EU still debates E10, while Brazil moves to a 27% blend


Working for Brazilian interests, you may say my judgment is biased, but I just can’t help praising the decision taken by the Brazilian government to increase, today, the ethanol blend in gasoline to 27%. This move is expected to have a positive impact on the biofuels industry and will no doubt have a positive impact on the environment.

A question came straight to my mind: Is the EU not simply lagging behind? As Brazil moves to 27%, is it not incredibly ironic to see Europeans getting cold feet about moving to a 6.5% content of ethanol (in energy) in petrol?

I mean, the EU wants to be at the forefront in the fight against climate change and you’d expect sustainable fuels to be promoted over less sustainable ones. However, it seems the EU is not even ready to generalise the use of E10! In the current debate around the 6.5% sub-target for bioethanol in petrol, some argue it would go against a level playing field between biodiesel and bioethanol – despite the superior GHG savings of the latter. Another reason invoked is technical compatibility with the current fleet. In the meantime, the United States widely use E10 and Brazil is even allowing higher blends.

You might ask yourselves: why the EU is struggling with this?

ENVI MEPs barely managed to pass a sub-target at 6.5% in their second reading position and Member States don’t seem overly enthusiastic.

The reality is that only a few people actually understand the meaning of ‘that 6.5%’. I would like to explain it here and respond to the main concerns raised by MEPs and Member States.

A 6.5% of renewable energy (in energy) in petrol corresponds to an ethanol blend of 9.5% in volume (E9.5). Although the European Commission declared in 2012 that E10 should be the main petrol fuel used in all the Member States by 2013, only 3 Member States (France, Germany and Finland) are currently selling this blend in fuel stations.

The good news is that there are no technical barriers preventing widespread use of E10 across Europe, as 90% of all cars produced after the year 2000 can run on E10. The only element needed is the political will to incentivise bioethanol usage among European consumers who are otherwise attracted by diesel, currently benefiting from lower taxation compared to gasoline.

Another essential question needs to be addressed at this point: why does a level playing field between biodiesel and bioethanol not make much sense?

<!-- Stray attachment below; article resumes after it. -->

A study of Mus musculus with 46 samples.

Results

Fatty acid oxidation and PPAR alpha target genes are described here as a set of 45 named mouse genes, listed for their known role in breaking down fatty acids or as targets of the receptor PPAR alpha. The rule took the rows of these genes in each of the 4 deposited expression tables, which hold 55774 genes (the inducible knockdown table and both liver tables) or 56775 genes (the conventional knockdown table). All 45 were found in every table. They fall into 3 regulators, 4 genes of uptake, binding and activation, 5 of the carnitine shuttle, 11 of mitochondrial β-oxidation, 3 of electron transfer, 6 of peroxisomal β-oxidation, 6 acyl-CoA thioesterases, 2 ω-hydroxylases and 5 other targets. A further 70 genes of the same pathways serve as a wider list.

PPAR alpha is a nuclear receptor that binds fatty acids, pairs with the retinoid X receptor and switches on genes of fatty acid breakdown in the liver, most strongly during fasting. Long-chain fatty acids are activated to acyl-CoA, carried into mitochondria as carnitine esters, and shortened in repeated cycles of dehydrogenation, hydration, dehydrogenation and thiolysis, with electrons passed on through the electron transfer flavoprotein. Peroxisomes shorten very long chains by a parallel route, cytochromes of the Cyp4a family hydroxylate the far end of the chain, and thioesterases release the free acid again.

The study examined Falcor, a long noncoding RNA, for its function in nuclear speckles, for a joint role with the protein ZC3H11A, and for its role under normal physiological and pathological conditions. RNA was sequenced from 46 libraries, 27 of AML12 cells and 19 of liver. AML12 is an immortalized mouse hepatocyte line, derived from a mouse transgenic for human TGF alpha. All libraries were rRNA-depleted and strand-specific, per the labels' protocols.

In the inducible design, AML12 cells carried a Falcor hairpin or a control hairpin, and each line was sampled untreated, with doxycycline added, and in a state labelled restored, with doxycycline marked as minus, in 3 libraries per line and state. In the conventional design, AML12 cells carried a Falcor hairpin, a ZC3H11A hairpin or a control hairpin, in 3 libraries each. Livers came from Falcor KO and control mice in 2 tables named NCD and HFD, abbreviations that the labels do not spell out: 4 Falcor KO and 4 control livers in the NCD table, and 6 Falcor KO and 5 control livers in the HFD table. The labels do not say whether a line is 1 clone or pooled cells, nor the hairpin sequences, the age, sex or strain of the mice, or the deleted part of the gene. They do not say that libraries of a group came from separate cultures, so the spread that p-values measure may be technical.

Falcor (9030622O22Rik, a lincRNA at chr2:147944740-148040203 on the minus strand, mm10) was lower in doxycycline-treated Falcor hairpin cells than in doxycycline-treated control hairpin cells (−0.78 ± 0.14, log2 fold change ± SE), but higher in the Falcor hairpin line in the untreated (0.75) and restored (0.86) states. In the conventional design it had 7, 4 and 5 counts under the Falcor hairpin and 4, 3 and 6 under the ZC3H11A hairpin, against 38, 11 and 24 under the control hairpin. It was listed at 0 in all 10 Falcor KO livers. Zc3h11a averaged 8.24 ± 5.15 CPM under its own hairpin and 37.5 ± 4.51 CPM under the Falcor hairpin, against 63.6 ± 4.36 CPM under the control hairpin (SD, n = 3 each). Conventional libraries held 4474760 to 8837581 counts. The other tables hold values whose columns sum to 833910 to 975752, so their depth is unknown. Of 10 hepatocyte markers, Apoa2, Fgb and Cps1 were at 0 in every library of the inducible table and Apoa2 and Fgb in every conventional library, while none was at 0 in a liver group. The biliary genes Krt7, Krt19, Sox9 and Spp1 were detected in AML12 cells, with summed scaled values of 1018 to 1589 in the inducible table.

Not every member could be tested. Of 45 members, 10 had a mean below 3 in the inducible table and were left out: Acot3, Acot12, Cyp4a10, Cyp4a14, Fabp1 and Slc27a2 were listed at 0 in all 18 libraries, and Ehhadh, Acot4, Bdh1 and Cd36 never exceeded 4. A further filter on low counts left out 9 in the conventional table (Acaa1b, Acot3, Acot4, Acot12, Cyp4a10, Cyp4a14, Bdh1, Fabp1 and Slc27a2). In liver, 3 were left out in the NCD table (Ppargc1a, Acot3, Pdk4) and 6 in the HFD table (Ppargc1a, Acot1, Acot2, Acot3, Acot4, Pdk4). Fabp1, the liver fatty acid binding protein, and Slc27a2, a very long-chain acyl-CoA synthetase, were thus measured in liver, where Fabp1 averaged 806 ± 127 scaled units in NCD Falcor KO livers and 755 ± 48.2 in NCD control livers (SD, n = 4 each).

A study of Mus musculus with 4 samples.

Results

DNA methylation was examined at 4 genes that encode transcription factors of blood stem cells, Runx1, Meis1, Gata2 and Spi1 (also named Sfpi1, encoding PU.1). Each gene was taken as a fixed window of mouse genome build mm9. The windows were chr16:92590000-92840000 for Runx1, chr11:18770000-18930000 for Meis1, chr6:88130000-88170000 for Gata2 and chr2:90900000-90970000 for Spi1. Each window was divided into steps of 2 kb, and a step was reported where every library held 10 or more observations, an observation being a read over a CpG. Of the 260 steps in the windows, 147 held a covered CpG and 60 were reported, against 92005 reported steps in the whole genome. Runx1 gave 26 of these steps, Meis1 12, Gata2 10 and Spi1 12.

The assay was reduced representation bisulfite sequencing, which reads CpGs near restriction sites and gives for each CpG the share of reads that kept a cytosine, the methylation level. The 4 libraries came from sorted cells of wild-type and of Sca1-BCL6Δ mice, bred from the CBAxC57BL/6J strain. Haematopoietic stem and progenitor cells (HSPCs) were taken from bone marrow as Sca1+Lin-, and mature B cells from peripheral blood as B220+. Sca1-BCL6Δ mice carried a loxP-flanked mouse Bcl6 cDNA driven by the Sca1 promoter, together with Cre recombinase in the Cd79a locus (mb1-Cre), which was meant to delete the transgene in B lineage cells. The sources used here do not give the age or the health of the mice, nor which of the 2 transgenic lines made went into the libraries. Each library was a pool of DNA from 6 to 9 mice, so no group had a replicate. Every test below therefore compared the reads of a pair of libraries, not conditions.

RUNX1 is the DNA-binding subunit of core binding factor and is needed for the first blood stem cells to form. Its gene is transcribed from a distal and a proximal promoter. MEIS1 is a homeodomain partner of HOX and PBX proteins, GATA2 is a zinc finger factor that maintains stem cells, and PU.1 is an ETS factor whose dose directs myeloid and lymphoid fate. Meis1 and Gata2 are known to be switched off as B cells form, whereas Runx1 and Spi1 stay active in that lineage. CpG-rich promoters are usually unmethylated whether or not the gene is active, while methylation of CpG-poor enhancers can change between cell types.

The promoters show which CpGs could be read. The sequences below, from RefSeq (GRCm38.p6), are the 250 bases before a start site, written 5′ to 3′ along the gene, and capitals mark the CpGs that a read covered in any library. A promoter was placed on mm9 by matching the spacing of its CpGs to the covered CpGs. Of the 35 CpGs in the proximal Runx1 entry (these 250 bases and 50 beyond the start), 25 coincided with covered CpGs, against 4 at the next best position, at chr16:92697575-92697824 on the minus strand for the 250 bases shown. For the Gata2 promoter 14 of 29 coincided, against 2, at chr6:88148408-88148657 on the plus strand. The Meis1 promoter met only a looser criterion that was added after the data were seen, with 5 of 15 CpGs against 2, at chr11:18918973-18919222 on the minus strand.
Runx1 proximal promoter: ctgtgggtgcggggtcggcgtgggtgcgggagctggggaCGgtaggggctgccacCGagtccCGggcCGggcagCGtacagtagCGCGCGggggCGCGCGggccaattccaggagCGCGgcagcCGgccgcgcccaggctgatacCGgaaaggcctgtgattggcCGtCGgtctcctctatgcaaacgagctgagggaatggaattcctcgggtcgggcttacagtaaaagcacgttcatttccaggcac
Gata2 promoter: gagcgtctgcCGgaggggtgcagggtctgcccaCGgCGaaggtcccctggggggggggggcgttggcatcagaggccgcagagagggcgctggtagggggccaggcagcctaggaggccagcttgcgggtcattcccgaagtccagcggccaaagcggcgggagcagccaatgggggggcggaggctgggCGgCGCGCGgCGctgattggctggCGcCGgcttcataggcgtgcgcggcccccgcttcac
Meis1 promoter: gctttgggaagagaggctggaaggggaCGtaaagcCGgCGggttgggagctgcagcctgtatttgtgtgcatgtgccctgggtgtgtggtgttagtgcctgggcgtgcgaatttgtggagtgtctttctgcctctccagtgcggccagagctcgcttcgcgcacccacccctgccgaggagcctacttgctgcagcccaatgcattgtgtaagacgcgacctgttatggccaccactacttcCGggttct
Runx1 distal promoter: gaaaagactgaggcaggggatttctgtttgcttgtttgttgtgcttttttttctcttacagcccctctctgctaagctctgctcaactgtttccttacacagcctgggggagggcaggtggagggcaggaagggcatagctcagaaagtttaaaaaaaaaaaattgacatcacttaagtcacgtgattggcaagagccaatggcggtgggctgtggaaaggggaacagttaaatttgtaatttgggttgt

Because biodiesel is already the preferred option in Europe and, with a cap on traditional biofuels, Member States will meet their target for conventional biofuels (at whichever level it’s eventually set: 5, 6 or 7%) just by using biodiesel.

What would be the consequence? Bioethanol would be out of the market, despite its sustainability!

It’s absolutely critical to understand the consequences of a cap on traditional biofuels and the subsequent necessity for a specific sub-target for bioethanol. In addition, if the EU market stays locked with E5, there will be no space for advanced ethanol as there is currently enough conventional production to supply this blend.

We, at UNICA, tried to make it simple and understandable for non-experts in this infographic. I hope this helps!

Géraldine Kutas
Géraldine Kutas

A seasoned professional specializing in international trade policy, Géraldine Kutas leverages over a decade of experience to strengthen UNICA’s activities across the European Union, the United States and Asia. She has a deep expertise in biofuels and agricultural policies, coupled with extensive exposure to multilateral and regional trade negotiations in agriculture. Ms. Kutas is the author and co-author of several international publications on these topics.

Before joining UNICA, she was a researcher and a professor at the Groupe d’Economie Mondiale at Sciences Po(GEM), Paris, and coordinator of the European Biofuels Policy research programme (EBP). Ms. Kutas has also worked as a consultant at the Inter-American Bank of Development and for agro-business firms.

Ms. Kutas has a Ph.D. in International Economics from the Institut d’Etudes Poliques de Paris and a Master degree in Latin American Studies from Georgetown University, Washington DC.